Search Possibilities in General
You can search verses by a single word (a complete word or a part of a word). You can search by several consecutive words (i.e. by a phrase). You can use wildcard characters in a text you want to search for.
You can choose between a case sensitive and a case insensitive search.
You can also combine several search fragments by "and" and by "or".
- * (asterisk) means that any number (including none) of any characters can be in its
E.g. "marr*husb" will find both the "a woman married to a husband" and the "unmarried, or be reconciled to her husband: and let not...".
- _ (underscore) means any single character could be in its place.
E.g.: "br_ad" will find both "bread" and "broad".
Search settings can be found using the button in the upper left corner.
- Search for whole words (as entered)
This setting is useful when searching by a single word (not by a phrase).
For example, if "King" is entered for a search, then:
- verses containing the text "LORD God walking in the garden" or "his kingdom was Babel" will be skipped if this option is on and will be selected if this option is off
- verses containing the text "the king of Egypt" or "cry, my King, and my God" will be selected regardless of whether this option is on or off
- Search entered words in an arbitrary order, if special characters like & | ~ are not entered
This is set by default and provides for easy and natural searching of several word fragments in the same verse: you just enter word fragments you search for, space separated, in any order.
- Search while ignoring accents and similar characters
This setting is especially important for searching in Greek, Arabic, Hebrew and so on; it also helps not to miss a word in the Bible translation text where an accent is added. This setting does not slow down a search noticeably, so it is on by default and there is usually no need to turn it off.
- Case sensitive search
For example, if "mighty * lord" is entered for a search, then:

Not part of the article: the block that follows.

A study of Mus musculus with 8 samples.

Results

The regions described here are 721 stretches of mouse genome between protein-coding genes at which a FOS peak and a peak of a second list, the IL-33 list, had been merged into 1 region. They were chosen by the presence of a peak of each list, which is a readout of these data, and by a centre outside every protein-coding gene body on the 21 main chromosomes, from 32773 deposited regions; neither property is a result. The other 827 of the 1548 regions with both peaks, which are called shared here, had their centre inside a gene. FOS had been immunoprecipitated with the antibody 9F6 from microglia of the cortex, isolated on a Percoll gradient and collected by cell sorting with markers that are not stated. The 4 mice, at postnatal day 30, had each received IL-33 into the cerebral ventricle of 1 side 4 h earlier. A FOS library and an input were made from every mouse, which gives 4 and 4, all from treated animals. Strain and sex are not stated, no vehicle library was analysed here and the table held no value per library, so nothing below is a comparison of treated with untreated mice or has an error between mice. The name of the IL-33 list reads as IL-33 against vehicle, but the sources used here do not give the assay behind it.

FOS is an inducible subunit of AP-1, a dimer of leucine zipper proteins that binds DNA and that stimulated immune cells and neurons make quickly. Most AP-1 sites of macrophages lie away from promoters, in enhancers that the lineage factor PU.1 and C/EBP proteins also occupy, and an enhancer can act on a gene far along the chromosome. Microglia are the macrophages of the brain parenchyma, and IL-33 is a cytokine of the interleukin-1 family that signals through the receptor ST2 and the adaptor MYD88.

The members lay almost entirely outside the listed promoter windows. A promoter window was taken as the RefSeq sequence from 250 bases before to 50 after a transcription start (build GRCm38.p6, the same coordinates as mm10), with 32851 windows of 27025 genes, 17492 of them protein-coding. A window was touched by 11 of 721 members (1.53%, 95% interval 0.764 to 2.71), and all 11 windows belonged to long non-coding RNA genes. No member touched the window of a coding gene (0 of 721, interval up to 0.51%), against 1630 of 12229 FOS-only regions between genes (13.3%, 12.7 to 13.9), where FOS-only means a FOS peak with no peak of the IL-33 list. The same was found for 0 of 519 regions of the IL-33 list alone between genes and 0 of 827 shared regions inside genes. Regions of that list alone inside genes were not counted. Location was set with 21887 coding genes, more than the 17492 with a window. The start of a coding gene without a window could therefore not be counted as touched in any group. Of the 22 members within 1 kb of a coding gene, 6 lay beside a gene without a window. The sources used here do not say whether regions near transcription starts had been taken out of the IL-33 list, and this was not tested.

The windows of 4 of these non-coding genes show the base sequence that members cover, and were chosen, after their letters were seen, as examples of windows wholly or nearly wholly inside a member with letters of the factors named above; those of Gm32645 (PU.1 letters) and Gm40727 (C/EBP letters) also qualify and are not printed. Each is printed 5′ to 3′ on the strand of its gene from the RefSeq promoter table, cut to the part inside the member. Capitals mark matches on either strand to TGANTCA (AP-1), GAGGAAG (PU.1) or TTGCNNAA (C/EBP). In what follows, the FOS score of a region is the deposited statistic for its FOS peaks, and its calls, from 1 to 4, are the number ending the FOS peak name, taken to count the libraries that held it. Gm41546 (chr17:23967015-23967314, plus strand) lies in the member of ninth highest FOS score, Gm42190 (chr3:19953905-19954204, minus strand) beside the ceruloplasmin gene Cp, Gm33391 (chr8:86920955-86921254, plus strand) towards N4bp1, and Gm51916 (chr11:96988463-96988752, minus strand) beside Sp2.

- verses containing text "the Lord has a mighty and strong one" or "mighty thunderings for the Lord" will be skipped if this option is on and will be selected if this option is off
- verses containing text "my lord: though art a mighty prince" will be selected regardless of whether this option is on or off
Searching only within color-highlighted/underlined words
The button with the paintbrush icon next to the search settings button allows you to limit a search only to words that you have highlighted or underlined in a Bible translation being searched. When this option is activated, the paintbrush button is visually highlighted by a bright underline.
This option can also help you find all the places you have highlighted in a Bible translation: activate it and run search when no text is entered in the search string. All the words that you have highlighted or underlined in a Bible translation will be shown as underlined in the search results.
Note that accidental activation of this option may lead to finding no results.
Searching in all Bible translations
The big search button words for the current Bible translation. There is also a smaller search button which allows you to search in all the downloaded Bible translations. There are two options with this: search in all the downloaded Bible translation or search only in translations in the same language. You can switch these modes by a long touch on the smaller search button. The search window title helps you remember which search option is active.
Combining of search fragments
You can enter several search fragments and combine them by & (meaning "and") or by | (meaning "or").
Combining fragments allows you to search for an arbitrary order of entered fragments. For example, when searching for "Gideon & say" both "and say, The sword of the LORD, and of Gideon..." and "Gideon send messengers, saying..." will be found.
You can place ~ before a fragment, meaning "a verse shall not contain this".
Please note that combining "by &" has a higher priority than combining "by |". You can use parentheses to change the order of fragments combining operations.
Here is an example of a search that combines several fragments and uses parentheses to change the order of fragments
"( servant | prison) & debt & ~ borrow"
This example is aimed at finding a "servant" or "prison", which would also refer to a "debt" but wouldn't mention "borrow".